Wednesday, December 21, 2011

The Top 100 Songs of 2011 -- #57: "Truth" -- Alexander

Alexander Ebert's career trajectory is simply the most amusing thing. Here's a guy who originally wanted a rap career, attained brief buzz as frontman of electronic rock band Ima Robot (for which he occasionally rapped), became disillusioned with LA party culture and withdrew from the world, and reemerged as hippie messiah Edward Sharpe, as whom he finally found worldwide acclaim and notoriety.

After he and his band The Magnetic Zeros' 2009 debut hit "Home" with plenty of listeners (HAH! SEE WHAT I DID THERE?), Ebert took a step back and released a solo record before recording his band's sophomore effort. The self-titled record was a bit more experimental than his past releases, though very clearly influenced by his work as Edward Sharpe. It seems Ebert has taken the messianic hippie figure thing and run with it. This is not necessarily a bad thing.

"Truth" was not only the first song released from Alexander; it was the album's best effort as a whole. It exudes the laid-back vibe Ebert's music tends to gravitate toward these days, both vocally and musically. Western-esque whistling begins the song, followed by harmonic group vocals from Ebert and company, over minimal instrumentation a la guitars and percussion.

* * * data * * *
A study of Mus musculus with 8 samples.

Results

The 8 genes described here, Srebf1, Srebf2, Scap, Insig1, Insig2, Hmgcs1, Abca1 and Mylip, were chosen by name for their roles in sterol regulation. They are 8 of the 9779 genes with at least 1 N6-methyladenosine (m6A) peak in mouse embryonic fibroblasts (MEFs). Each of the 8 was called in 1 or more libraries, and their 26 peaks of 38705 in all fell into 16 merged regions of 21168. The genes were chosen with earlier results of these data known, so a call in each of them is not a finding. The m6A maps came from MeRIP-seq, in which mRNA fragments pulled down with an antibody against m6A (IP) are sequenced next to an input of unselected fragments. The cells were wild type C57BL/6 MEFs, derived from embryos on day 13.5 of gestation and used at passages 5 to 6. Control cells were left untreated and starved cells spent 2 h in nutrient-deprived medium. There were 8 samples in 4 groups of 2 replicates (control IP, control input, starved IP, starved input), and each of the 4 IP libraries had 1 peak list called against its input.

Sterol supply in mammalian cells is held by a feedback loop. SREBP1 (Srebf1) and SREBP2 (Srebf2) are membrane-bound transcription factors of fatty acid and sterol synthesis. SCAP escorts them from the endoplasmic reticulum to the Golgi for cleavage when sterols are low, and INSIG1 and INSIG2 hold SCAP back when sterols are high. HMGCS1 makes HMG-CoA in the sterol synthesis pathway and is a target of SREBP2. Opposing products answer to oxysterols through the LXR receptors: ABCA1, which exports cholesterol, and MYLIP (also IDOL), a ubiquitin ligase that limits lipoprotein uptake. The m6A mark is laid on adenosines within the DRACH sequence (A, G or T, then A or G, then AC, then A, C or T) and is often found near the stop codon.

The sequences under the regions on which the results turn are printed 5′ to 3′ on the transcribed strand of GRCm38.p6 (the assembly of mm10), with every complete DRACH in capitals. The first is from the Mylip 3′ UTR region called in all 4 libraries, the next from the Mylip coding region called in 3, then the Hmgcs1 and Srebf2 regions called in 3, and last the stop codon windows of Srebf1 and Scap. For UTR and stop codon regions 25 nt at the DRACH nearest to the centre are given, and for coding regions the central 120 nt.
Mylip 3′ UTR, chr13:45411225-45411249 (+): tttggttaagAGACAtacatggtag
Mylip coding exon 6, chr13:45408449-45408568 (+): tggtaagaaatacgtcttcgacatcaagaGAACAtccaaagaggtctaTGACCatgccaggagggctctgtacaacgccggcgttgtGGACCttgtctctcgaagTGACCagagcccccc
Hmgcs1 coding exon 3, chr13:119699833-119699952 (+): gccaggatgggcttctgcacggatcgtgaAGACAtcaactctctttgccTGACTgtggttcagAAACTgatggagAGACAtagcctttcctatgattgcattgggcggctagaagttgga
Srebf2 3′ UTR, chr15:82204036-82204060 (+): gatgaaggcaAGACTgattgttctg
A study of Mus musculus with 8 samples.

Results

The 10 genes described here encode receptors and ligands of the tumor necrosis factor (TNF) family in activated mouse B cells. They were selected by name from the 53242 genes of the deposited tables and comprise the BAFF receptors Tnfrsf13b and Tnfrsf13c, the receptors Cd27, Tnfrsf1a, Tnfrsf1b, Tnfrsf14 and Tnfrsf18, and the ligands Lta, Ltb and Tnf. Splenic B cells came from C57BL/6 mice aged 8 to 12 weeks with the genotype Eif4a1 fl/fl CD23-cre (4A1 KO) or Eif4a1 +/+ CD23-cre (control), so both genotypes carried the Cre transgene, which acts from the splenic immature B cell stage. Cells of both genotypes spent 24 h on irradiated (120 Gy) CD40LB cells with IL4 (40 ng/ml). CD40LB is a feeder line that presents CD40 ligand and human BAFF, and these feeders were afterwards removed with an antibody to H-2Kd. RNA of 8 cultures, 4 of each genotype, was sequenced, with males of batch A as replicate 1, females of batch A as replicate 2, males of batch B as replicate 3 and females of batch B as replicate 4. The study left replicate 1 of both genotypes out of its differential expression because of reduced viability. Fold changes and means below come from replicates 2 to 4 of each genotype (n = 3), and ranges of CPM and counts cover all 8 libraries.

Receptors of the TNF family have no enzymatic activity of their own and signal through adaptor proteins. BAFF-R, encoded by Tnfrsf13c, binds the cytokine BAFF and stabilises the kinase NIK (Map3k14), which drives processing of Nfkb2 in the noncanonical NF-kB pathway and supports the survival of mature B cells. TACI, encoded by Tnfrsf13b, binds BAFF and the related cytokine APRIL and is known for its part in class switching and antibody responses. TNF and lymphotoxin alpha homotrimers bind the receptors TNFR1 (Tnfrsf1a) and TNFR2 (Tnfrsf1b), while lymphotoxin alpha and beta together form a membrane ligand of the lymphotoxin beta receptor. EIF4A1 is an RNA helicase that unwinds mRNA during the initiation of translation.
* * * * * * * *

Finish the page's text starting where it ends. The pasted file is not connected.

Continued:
When I first heard the song, I knew right away that Ebert's singing on the verses reminded me of another song. And then it hit me -- the cadence on the verse is reminiscent of M.I.A.'s "Paper Planes." Seriously, tell me it isn't. What has been heard cannot be unheard.

"Yes I'm only loving / Only trying to love," sings Ebert, fulfilling a theme well-documented within the song -- acceptance and adoration for all. Damn hippies. Oh, and of course there's truth. Truth is good. Love truth.

If anything, "Truth" only made the general population even more excited for a new Edward Sharpe record. The man has plenty up in his head right now, and the record is supposed to come out next year. Rejoice.